By Lulutani Tembo, UNICEF Malawi
Nkhope Primary School is located in the lakeshore district of Mangochi, which is known for its chambo fish and beautiful beaches. Despite the picturesque setting, child advocates say it is important the school is a safe space for children.
Volunteers like David Chilombo work closely with students at the school to make sure they are free from violence, whether it be at home or on the playground.
“We teach the boys about assertiveness, awareness of abuse and how they can speak out if they experience violence at home. We tell them to report incidents to the police or someone else in authority,” says Chilombo.
Chilombo visits two schools once a week, specifically to teach the Boys Transformation Programme. The programme is administered by Ujamaa Pamodzi Africa and is part of UNICEF’s Safe Schools Project.
A great impact in schools and communities
“The schools I work with, such as Nkhope Primary School have benefited a lot, because the knowledge they’re being taught about violence and abuse has brought a lot of respect between the boys and girls”, says David. “The impact on surrounding communities has also been helpful, because now parents who have their children in other schools are asking for the programme to be implemented in those schools too”.
Ujamaa District Coordinator, Rahman Pelusi, has a similar story to tell about boys that he has bworked with in various schools. “They no longer keep quiet when they witness their peers being abused and they know they have the power to report incidents to authorities,” Pelusi explains.
The hope in the communities is that the Boys Transformation Programme can expand to other schools. Particularly because boys are now learning new skills and getting guidance on violence and abuse. For many of them, their parents usually have little knowledge on these issues or don’t spend enough time with their children to be able to teach them about violence and abuse.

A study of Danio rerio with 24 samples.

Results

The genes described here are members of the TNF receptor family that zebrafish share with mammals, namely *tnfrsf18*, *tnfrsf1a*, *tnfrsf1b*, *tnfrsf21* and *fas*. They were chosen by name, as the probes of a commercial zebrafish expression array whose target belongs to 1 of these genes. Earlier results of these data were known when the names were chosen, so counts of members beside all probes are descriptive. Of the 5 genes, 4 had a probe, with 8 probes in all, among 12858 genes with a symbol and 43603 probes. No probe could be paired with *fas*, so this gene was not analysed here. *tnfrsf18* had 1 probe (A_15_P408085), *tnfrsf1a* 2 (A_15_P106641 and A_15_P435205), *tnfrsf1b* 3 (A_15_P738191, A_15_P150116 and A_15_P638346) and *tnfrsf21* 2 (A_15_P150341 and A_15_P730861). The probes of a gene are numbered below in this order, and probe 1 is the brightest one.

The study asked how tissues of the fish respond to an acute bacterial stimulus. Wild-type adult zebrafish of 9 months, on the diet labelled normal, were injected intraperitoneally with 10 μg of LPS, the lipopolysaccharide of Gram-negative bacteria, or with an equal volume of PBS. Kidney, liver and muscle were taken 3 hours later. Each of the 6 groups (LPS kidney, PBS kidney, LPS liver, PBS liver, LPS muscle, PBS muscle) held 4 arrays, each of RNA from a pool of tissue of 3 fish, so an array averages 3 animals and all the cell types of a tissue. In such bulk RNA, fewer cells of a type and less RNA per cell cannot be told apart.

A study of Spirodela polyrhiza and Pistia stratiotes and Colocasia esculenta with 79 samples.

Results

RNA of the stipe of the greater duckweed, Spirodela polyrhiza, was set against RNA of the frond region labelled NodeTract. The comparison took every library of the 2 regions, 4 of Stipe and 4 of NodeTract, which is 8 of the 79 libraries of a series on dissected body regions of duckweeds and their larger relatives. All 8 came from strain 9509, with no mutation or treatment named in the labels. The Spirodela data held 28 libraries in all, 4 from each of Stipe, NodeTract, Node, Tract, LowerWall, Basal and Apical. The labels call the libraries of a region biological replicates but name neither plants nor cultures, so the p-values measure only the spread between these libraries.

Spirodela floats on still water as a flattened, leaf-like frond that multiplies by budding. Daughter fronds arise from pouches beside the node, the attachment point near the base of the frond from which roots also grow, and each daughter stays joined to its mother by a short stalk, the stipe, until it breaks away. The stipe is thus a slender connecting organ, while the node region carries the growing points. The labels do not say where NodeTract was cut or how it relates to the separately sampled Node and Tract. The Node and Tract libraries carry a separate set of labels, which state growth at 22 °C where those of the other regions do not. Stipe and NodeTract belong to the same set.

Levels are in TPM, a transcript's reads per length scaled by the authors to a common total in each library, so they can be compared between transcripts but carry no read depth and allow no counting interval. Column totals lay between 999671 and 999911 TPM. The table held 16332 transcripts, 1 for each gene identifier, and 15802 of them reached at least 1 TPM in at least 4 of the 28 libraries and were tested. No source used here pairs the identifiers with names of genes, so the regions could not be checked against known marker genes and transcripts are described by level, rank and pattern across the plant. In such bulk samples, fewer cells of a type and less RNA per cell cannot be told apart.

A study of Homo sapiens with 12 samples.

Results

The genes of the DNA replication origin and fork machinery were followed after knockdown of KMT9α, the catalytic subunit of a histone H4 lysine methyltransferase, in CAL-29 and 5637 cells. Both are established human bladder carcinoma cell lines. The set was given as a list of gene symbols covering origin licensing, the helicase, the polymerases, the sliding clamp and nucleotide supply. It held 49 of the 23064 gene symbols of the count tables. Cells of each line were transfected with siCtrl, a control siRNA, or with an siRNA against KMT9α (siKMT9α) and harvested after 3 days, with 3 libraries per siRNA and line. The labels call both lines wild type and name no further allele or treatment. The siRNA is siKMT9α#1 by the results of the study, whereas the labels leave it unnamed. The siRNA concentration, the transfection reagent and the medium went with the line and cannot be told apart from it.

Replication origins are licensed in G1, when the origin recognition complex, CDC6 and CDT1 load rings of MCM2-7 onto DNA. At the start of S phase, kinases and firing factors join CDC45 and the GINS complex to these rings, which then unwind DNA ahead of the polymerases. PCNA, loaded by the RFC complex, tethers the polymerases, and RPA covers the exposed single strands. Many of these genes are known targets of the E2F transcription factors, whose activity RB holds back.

Twelve-year-old Adam Mussa is one of the boys to have benefitted from the programme. He once intervened to stop a group of boys from abusing a girl. He told the boys that if they didn’t stop and leave the girl alone, he would report them to the girl’s parents and the school headteacher.
“I felt so good the boys left the girl alone because I had never done anything like that in my life. I was happy I could help,” Adam explains with a smile.“The programme has taught me many skills and has been my source of strength. Now I know what abuse is and how to identify it.”
Since April 2018, UNICEF has been working with Ujamaa Pamodzi Africa to implement the Safe Schools Programme in Salima, Dedza, and Mangochi. The main aim of the project is to end violence against children in schools and communities. Courses such as the Boy’s Transformation Programme encourage boys to challenge ideas of masculinity and the use of violence.
“The programme is very promising, shifting harmful attitudes towards girls and women,” says UNICEF Malawi chief of child protection, Afrooz Johnson.“Boys are stepping up to stop violence against girls and are contributing to a safer school and community environment, more conducive for learning and participation.”
In the meantime, volunteers like Chilombo are giving back to their communities. Their partnership with mother groups is equally important too because all parties are playing an important role on assisting girls and boys who are victims of abuse.
Chilombo says he is happy he has made an impact on children at Nkhope School. “I enjoy my job because I am helping reduce violence against children in the community. Sometimes I even feel like a hero!”